In this week’s Delingpole podcast, James and his brother Dick - a self-described “libertarian” and “occasional historical French soldier” - discuss “soul healing” after giving up Twitter for Lent, the absurdity of the Nazi Pug trial, and the unfortunate emasculation of Canada under “President Bieber”.
AP Photo/Martin Mejia

A Canadian university is under fire this week for allowing a white professor to teach a course on Native Canadian history.

The course, which is specifically about controversial Canadian boarding schools that were attended by indigenous children, was assigned to white professor Martha Walls who has an expertise in the course’s subject matter.

Despite Walls’ qualifications, Mount Saint Vincent University has received a flurry of criticisms for allowing a white professor to teach the course.

Rebecca Thomas, a Mi’kmaq community activist, argued that native Canadian people, also know as Indigenous Canadians, are studied like they are an artifact of the past even though they are still thriving in modern Canada.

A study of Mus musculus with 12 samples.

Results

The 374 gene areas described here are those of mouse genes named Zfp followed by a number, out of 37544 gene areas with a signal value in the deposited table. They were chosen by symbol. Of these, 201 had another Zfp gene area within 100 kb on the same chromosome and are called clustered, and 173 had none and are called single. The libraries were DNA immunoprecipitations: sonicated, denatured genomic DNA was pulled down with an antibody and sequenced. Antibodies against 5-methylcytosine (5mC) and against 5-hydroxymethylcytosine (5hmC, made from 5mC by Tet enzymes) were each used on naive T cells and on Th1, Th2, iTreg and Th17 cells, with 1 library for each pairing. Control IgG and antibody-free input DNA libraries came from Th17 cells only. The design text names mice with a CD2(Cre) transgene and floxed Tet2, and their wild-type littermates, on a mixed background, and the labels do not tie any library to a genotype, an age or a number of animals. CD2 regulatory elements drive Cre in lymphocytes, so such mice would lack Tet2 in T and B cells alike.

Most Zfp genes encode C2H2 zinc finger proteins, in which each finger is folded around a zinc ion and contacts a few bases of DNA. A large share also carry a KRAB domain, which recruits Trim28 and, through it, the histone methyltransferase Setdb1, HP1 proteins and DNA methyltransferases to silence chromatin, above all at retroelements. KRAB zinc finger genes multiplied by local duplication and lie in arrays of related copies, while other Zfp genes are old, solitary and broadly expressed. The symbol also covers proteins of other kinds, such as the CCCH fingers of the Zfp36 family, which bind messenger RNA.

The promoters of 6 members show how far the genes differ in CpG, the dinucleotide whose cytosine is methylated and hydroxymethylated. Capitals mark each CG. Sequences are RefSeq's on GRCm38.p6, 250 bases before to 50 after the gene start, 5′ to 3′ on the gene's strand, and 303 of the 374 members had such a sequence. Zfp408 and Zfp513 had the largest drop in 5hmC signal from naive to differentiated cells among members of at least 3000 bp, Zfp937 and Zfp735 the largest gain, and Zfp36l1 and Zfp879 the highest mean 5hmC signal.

“There is this perpetuation that non-Indigenous people have the right and expertise to speak on Indigenous topics when in reality the lived experience of what it’s like to be a product of these systems within Canada, there’s no voice better than first voice,” she said.

“We get taught about and studied as though we are gone, but we’re still here,” Thomas added. “People shouldn’t see Indigenous people telling their own stories as exotic or a novelty. We’re authoring our own stories now, and that sadly is very new but needs to be normalized so that it’s the everyday occurrence.”

Walls says that she will meet with university faculty to decide how to best proceed with the course. Despite the pushback, in a statement published on Tuesday, Mount Saint Vincent University announced that Walls will be permitted to teach the course.

“Walls has the support of Indigenous and non-Indigenous faculty and administration at the Mount, to teach the course regarding residential schools,” the university wrote in a statement.

Mark Mercer, president of the society and a philosophy professor at Saint Mary’s University in Halifax strongly condemned any suggestion that Walls was unfit to teach the course because of her race.

“The idea that only Indigenous scholars can teach topics involving Indigenous People is false and pernicious. Mount Saint Vincent University should clearly and forcefully repudiate it,” Mercer said.